Bohemian Rhapsody was a surprise winner at the Golden Globes this year, as Rami Malek picked up a much coveted Golden Globe for his performance as music legend Freddie Mercury. The film was made under the guidance of Freddie Mercury’s band members, the last surviving members of Queen. As he picked up the award, Malek was flanked by both Brian May and Roger Taylor – lead guitarist and drummer in the hit band – who beamed alongside the Mr Robot actor.
In his acceptance speech on Sunday, Malek paid tribute to Queen and said he was “beyond moved” to have won.
He added: “To you, Brian May, to you, Roger Taylor, for ensuring that authenticity remains in the world and in all of us.
“Thank you to Freddie Mercury for giving me the joy of a life time.”
Malek also dedicated the award to Mercury, who died in 1991, saying: “This is for and because of you, gorgeous!”
Malek is now odds-on at 4/7 for Best Actor at the Oscars after last night’s Golden Globe win. He was 3/1 earlier on this weekend.
What are the reviews for Bohemian Rhapsody?
Critics have generally praised the film for its representation of the tragic star but some have been less than impressed.
Bohemian Rhapsody was directed by Bryan Singer, most famous for his role at the helm of the X-Men franchise.
The director ultimately took on a difficult task, backed by Brian May and Roger Taylor, who had been holding rights until they deemed it right to make the film.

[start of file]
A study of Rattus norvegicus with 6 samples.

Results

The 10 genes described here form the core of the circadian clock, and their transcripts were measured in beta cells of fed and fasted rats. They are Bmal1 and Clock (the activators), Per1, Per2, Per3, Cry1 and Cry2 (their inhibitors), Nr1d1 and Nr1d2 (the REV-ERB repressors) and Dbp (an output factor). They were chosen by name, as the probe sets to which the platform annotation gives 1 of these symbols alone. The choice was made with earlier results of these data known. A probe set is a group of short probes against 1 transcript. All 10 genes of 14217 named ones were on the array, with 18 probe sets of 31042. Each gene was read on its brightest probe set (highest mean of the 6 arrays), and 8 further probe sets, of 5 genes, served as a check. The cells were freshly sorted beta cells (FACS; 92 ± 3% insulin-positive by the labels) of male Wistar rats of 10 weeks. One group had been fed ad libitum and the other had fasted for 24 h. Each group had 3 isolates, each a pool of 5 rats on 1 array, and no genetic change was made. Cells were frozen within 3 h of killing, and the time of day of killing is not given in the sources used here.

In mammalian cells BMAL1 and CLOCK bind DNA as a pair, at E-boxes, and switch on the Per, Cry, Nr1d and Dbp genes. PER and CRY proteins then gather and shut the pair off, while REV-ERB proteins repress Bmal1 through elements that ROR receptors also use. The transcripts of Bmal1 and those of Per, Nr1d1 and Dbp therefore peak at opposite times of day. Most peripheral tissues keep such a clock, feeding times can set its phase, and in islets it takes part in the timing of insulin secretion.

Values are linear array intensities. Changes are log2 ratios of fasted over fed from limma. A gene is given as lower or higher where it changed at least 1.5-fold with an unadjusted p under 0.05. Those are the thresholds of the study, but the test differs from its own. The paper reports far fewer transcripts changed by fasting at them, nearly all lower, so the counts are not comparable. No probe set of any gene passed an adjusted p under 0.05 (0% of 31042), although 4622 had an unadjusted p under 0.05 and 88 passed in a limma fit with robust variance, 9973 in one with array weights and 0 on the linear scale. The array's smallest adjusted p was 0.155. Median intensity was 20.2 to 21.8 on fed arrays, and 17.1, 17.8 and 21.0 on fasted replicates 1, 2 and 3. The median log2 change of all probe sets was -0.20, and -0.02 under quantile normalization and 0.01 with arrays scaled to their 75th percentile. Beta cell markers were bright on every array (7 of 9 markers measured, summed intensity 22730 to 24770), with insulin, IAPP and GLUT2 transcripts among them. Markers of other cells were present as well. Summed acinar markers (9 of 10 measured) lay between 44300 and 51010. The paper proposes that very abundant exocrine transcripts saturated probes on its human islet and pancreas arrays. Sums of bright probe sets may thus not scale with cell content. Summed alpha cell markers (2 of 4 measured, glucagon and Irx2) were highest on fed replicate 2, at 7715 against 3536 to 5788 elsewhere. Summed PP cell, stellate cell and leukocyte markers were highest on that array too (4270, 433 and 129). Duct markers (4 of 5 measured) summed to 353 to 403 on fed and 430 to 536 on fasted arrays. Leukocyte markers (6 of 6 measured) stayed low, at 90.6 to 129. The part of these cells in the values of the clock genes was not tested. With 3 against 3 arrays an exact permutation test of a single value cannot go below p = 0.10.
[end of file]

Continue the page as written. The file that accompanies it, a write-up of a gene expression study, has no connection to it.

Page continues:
His final product ultimately came under heavy scrutiny, from mega fans of the singer himself, and seasoned film critics.
Kim Hughes of Original-Cin gave the highest rated review of the film, praising it as ‘perfect’, and providing a score of 100 out of 100 on film review aggregator Metacritic.
She said: “You will not see a more perfect and imperfect rock and roll biopic than Bohemian Rhapsody, which does many things extremely well, other things sort of average, and one thing flawlessly: capturing the immense charisma and panache of Queen singer Freddie Mercury.”
She said: “This is a biopic that favors sensory experience over exposition. It understands what pure, electrifying fun rock ‘n’ roll can be.”
Other reviewers still praised the film overall, but were less complimentary and at times saw the biopic as run-of-the-mill.
Variety’s Owen Gleiberman was one of these people, scoring the film a distinctly average 50 out of 100.
He said: “The movie, despite its electrifying subject, is a conventional, middle-of-the-road, cut-and-dried, play-it-safe, rather fuddy-duddy old-school biopic, a movie that skitters through events instead of sinking into them.”
The Observer’s Simran Hans drew out the different audiences the film was playing to; those searching for a reliable construction of Mercury’s tragic life, and those in for the classic Queen hits.
She said: “Fans of the band might enjoy watching the movie cycle through their hits (and there are many), but those, like me, hoping for a more robust appraisal of the late Freddie Mercury may find themselves disappointed.”
READ MORE: Rami Malek thanks Freddie Mercury at Golden globes speech
Some of the most well-known reviewers were less than pleased with the film.
New York Times reviewer A.O. Scott scored the film a low 30, on the premise of the film’s “melodrama.
He said the film was “a baroque blend of gibberish, mysticism and melodrama, the film seems engineered to be as unmemorable as possible.”
Consequence of Sound’s Blake Goble gave the most damning review of the film, awarding just 25 points to the work.
He said: “Bohemian Rhapsody is another lame music biopic, and its failures ultimately lie in the poor creative choices, the gutless approaches to potentially explosive events in the life of this band.”